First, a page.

2200 UTC Monday 23 January to 2200 UTC Thursday 26 January 2017
Issued by the Met Office, on behalf of the Maritime and Coastguard Agency, at 212200 UTC
On Monday evening, high pressure will be centred 1031 across southern England, ridging north across Scandinavia and into the Norwegian Basin. Any low pressure centres will remain to the west of Cullercoats. This continues on Tuesday and Wednesday, although high pressure will gradually become centred 1033 to the south of the region, across the Netherlands, with a frontal zone pushing into the far northwest. This high pressure will then continue to gradually recede eastwards during Thursday. Winds are expected to be strong across Cromarty and Fair Isle on Monday evening. During Tuesday, strong winds are likely to develop more widely across the northern half of the North Sea, with a risk of gales developing across Fair Isle. These gales could then spread across the rest of the northwest of Cullercoats through the course of Wednesday and Thursday, although the strongest winds will remain most likely across western parts of Fair Isle
On Monday evening, high pressure will extend from the Canary Islands, to a centre 1031 across southern England. A series of low pressure centres will be centred to west of Niton, with a frontal zone extending across the northwest of the region. During Tuesday and Wednesday, the high pressure will gradually recede to be centred 1033 to the south of the region, across the Netherlands, with a frontal zone remaining into the far northwest. This high pressure will then continue to gradually recede eastwards during Thursday. Strong winds are expected to gradually spread into northwest Niton through Monday. During Tuesday, the strong winds will extend further east into Fitzroy, Sole, Lundy and Irish Sea, with gales developing locally in Sole and Shannon. On Wednesday and Thursday strong winds will extend further east into the west of Biscay and the west English Channel, with gales developing further west
On Monday evening, high pressure will be centred 1031 across southern England, ridging north across Scandinavia and into the Norwegian Basin. A frontal zone will extend south from Iceland, to the west of the UK. On Tuesday and Wednesday the high pressure will gradually become centred 1033 to the south of the region, across the Netherlands, whilst a filling Atlantic low pressure moves north to the west of Portpatrick, as the frontal zone gradually moves east. The high pressure will continuing receding eastwards during Thursday, with the frontal zone moving into the northwest of the UK. Strong winds are expected to gradually spread into the west and north of Portpatrick by Monday evening with local gales developing in the far west. Similar conditions for Tuesday, but strong winds developing widely across Portpatrick by Wednesday, and increasing to gale or near gale force in many areas through the day Winds will ease in the far west through Thursday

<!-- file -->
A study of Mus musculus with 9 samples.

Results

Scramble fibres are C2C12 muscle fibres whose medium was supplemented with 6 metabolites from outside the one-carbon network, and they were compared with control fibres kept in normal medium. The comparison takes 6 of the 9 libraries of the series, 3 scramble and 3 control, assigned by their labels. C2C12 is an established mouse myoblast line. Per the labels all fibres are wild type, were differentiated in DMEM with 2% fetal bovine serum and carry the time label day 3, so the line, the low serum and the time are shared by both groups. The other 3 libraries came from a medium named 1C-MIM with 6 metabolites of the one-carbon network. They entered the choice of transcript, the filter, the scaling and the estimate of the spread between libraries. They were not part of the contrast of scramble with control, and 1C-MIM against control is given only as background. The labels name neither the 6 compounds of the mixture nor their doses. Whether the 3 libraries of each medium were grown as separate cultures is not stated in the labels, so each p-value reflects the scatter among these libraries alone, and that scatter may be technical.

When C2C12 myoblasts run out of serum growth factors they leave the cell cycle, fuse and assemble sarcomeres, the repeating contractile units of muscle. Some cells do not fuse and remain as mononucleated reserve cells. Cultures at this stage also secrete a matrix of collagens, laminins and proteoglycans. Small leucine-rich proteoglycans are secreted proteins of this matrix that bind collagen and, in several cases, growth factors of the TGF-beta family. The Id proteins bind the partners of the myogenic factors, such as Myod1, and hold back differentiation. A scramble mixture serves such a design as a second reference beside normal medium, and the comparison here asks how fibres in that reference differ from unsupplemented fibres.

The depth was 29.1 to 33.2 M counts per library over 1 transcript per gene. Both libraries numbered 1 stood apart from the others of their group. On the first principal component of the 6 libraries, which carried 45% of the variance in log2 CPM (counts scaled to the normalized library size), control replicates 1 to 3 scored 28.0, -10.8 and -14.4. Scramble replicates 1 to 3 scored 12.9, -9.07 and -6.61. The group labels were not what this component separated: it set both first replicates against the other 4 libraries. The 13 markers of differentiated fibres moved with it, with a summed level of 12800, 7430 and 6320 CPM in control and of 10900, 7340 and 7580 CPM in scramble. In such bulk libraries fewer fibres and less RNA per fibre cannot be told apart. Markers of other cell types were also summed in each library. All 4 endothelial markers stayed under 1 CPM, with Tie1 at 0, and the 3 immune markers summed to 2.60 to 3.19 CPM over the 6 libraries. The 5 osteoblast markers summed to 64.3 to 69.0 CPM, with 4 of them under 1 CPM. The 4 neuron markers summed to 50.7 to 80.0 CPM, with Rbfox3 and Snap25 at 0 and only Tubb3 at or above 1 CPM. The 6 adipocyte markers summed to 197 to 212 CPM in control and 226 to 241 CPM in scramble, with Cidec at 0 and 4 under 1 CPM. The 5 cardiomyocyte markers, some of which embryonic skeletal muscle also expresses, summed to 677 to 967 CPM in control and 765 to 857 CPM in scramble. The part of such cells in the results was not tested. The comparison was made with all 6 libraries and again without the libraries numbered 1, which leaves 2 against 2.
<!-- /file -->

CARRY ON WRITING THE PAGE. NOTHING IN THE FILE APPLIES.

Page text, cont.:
Extended outlook overview
The extended outlooks are issued once a day, at 2300 GMT and cover the next 3 to 5 days.
For the extend outlooks the waters surrounding the British Isles are divided into three areas; Cullercoats, Portpatrick and Niton. These three areas reflect the coverage areas of the UK's Navtex transmitters, which overlap in some areas.
The extended outlook forecast contains details of the likelihood of gales or storms, a general synopsis and a general forecast for the area of coverage of each Navtex transmitter.
In the UK, the Maritime & Coastguard Agency (MCA) is responsible for the provision of Maritime Safety Information (MSI) to ships at sea, which includes the broadcast of warnings and forecasts. The Met Office initiates warnings and prepares routine forecasts for dissemination on behalf of the MCA.